Cotton market loses 65 percent ground since March
NY futures continued to head south this week, with December losing another 166 points to close at 39.64 cents, while March dropped 195 points to close at 41.86 cents.
The cotton market is suffering through its steepest decline in history, having lost around 65% of its value since making a synthetic high of around 109 cents in early March. Cotton has prominent company though, as pretty much everything except the government bond market continues to collapse.
The stock market, as measured by the S&P 500 index, is down 53% from its high in October 2007 and the CRB index has lost 51% since early July this year.
The problem is global, as nearly 30 trillion dollars of paper wealth have been destroyed in stock markets worldwide since May 2008, when global market capitalization measured 57.5 trillion dollars. On top of that, investors and homeowners have suffered additional wealth destruction from collapsing real estate markets. With the old adage "wealth is transitory - debt is permanent" living up to its ugly truth, economic activity has ground to a halt as governments, companies and consumers alike have no more means to deal with crushing debt levels.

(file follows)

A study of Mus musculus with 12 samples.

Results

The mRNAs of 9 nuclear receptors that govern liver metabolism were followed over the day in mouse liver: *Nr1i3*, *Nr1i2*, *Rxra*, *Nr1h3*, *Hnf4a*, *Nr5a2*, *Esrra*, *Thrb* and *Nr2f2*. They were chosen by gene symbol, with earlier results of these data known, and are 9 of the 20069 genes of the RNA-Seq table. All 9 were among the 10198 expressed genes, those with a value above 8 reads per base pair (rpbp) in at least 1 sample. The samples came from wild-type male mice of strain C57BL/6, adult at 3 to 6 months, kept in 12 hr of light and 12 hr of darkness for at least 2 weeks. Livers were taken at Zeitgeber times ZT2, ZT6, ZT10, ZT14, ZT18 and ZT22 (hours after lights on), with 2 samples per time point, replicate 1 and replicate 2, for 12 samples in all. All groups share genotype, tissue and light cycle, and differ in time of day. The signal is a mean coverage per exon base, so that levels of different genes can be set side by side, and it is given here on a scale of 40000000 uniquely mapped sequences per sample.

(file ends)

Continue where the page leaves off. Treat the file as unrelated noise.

The only way out of this dilemma seems to be unprecedented government and central bank intervention and money printing, and we have already seen the beginning of this "inflate or die" process.
Unfortunately these re-flating efforts have been much too tepid so far to effectively oppose the brutal force of deleveraging and wealth destruction, which has taken on a life of its own and it will take much bigger guns (speak "printing presses") to overcome the problem. However, as President-Elect Obama stated in an interview last week, the government will take every necessary step to pump this economy back up, with budget considerations taking a backseat for at least the next couple of years. This means that we can expect the government to become much more aggressive in the months ahead, as it will increasingly act as a buyer of last resort instead of just being the lender of last resort.
In the meantime we will likely see further pressure in equity and commodity markets, as a deteriorating economy will claim more casualties, crimp corporate profits and lead to higher unemployment.
Amid all this doom and gloom there are some bright spots, such as the nearly 100 dollar drop in crude oil from its all-time high this summer, which provides consumers with a much needed shot in the arm. Energy and credit are two of the most important lubricants to this economy and at least one of them is now facilitating growth again.
Also, we should not forget that well over 90% of the workforce is still drawing more or less the same paycheck they did six months ago, and thanks to a general price implosion they are actually able to buy a lot more for their money. However, whether consumers continue to spend or whether they choose to save their money for a rainyday remains to be seen. At the moment we have to assume the latter.